Credit bonding bill passes; Olson complaint dismissed; gov OKs education funding
JUNEAU (AP) — The Alaska House has passed legislation to allow for bonding to pay the state's remaining oil and gas tax credit obligations.
Gov. Bill Walker's bill would create a new bond corporation authorized to sell up to $1 billion in bonds to pay off outstanding credits.
It passed the House 23-15, and next goes to the Senate.
Supporters saw it as a way to honor the state's obligation. Critics cast it as risky.
There were legal questions raised with the bill, but Attorney General Jahna Lindemuth said she saw no constitutional problems.
“We're making good on the state’s promise to pay tax credits to independent explorers in exchange for their investment. Not only does this save the State of Alaska money, it also gives companies cash to spend now that prices are trending upward, something that will help put Alaskans to work,” Gov. Bill Walker said in a statement from his office. “I thank the members of the House Minority whose votes made this possible.”
In a legal opinion, she said the Legislature retains authority to decide whether to appropriate money toward paying debt service on the bonds.
Lawmakers last year voted to end the credit program geared toward small producers and developers, saying it had become unaffordable.
“At a time of fiscal challenge, in a state that largely depends on oil revenue, now is the time for innovative solutions to get these credits off the books, stimulate our economy, and allow projects that generate revenue to proceed,” said Rep. Jason Grenn, I-Anchorage. “H.B. 331 accomplishes all of this, all at no additional cost to the state. I am proud to be a part of this effort, and thank the governor and his administration for developing a responsible, win-win plan forward for Alaska.”
Ethics panel dismisses complaint over lawmaker moving costs
JUNEAU (AP) — A legislative ethics committee has dismissed a complaint against an Alaska lawmaker over his "aggressive use" of the Legislature's moving policy.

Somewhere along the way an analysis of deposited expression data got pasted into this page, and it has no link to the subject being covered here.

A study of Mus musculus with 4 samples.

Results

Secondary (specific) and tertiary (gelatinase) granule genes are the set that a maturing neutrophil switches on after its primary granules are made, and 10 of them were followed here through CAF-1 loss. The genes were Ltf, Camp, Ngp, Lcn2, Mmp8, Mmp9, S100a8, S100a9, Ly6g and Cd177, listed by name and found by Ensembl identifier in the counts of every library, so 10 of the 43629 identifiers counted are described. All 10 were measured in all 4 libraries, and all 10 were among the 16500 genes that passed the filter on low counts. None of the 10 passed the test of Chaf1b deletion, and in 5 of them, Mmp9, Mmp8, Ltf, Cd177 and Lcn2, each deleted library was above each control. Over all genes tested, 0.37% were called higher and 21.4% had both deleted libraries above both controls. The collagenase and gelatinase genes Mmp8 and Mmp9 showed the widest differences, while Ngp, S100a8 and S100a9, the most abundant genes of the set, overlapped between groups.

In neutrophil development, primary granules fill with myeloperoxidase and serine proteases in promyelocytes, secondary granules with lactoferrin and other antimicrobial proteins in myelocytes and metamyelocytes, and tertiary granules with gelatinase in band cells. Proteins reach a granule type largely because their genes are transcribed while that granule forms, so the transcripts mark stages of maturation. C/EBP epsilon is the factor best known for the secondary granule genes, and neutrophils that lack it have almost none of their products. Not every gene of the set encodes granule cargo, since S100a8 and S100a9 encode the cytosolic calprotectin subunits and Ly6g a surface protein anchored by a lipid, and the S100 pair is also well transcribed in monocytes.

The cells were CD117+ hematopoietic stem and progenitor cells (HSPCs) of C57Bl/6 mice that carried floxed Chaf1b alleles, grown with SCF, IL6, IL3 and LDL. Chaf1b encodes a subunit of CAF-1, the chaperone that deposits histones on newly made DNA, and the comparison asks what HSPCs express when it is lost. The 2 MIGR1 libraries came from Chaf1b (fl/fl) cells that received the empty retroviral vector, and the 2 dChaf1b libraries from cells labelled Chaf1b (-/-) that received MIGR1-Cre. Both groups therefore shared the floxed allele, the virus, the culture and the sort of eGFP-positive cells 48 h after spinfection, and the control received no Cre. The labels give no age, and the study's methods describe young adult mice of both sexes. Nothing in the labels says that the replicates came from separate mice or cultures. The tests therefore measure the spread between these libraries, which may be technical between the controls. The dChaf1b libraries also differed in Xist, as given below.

The committee found Democratic Sen. Donny Olson of Golovin did not violate ethics law because the legislative moving policy in effect at the time did not clearly prohibit him from shipping to Juneau in 2015 and 2016 items including a washer and dryer, yard tools, air compressors and a large desk.
But the committee found Olson's use of state funds to move such items was contrary to the spirit of the moving policy and resulted in a "very strong appearance of impropriety."
The policy has since been changed.
Olson, who lives in a remote, northwest Alaska community, says he appreciates the committee's decision and will look for future savings.
"I serve the largest state senate district in the nation. My family and I live in one of the most remote villages in the state. It is not road accessible,” Olson said in a statement from his office. It is approximately 1,000 miles "as the crow flies" from Juneau. In addition to myself and my wife, my family includes six children, two of which are newborns. These factors contribute to high relocation costs.
"My wife and I will continue to work with the Legislative Affairs Agency to continue to be in compliance and also find ways to find cost efficiencies to save the state money."
Walker signs two-year education funding bill
Gov. Bill Walker signed House Bill 287 into law at Harborview Elementary School Thursday in Juneau, joined by Democrat, Republican and Independent members of the House and Senate.
The bill boosts support for K-12 education by $30 million in the 2020 school year, if lawmakers approve a structured draw from the Permanent Fund earnings reserve to help pay for government.
A conference committee for Senate Bill 26, which would draw on the Fund, was released Wednesday.
The Governor released the following statement on the bill:
“The diverse group of policymakers that threw support behind this legislation represent our values as Alaskans. We must guarantee to all students, parents, and teachers that their schools will have the resources to provide high-quality education year in and year out for Alaska’s students. This is something we can come together on. We’re going to keep working together on this, and other key issues as we near the end of the legislative session.”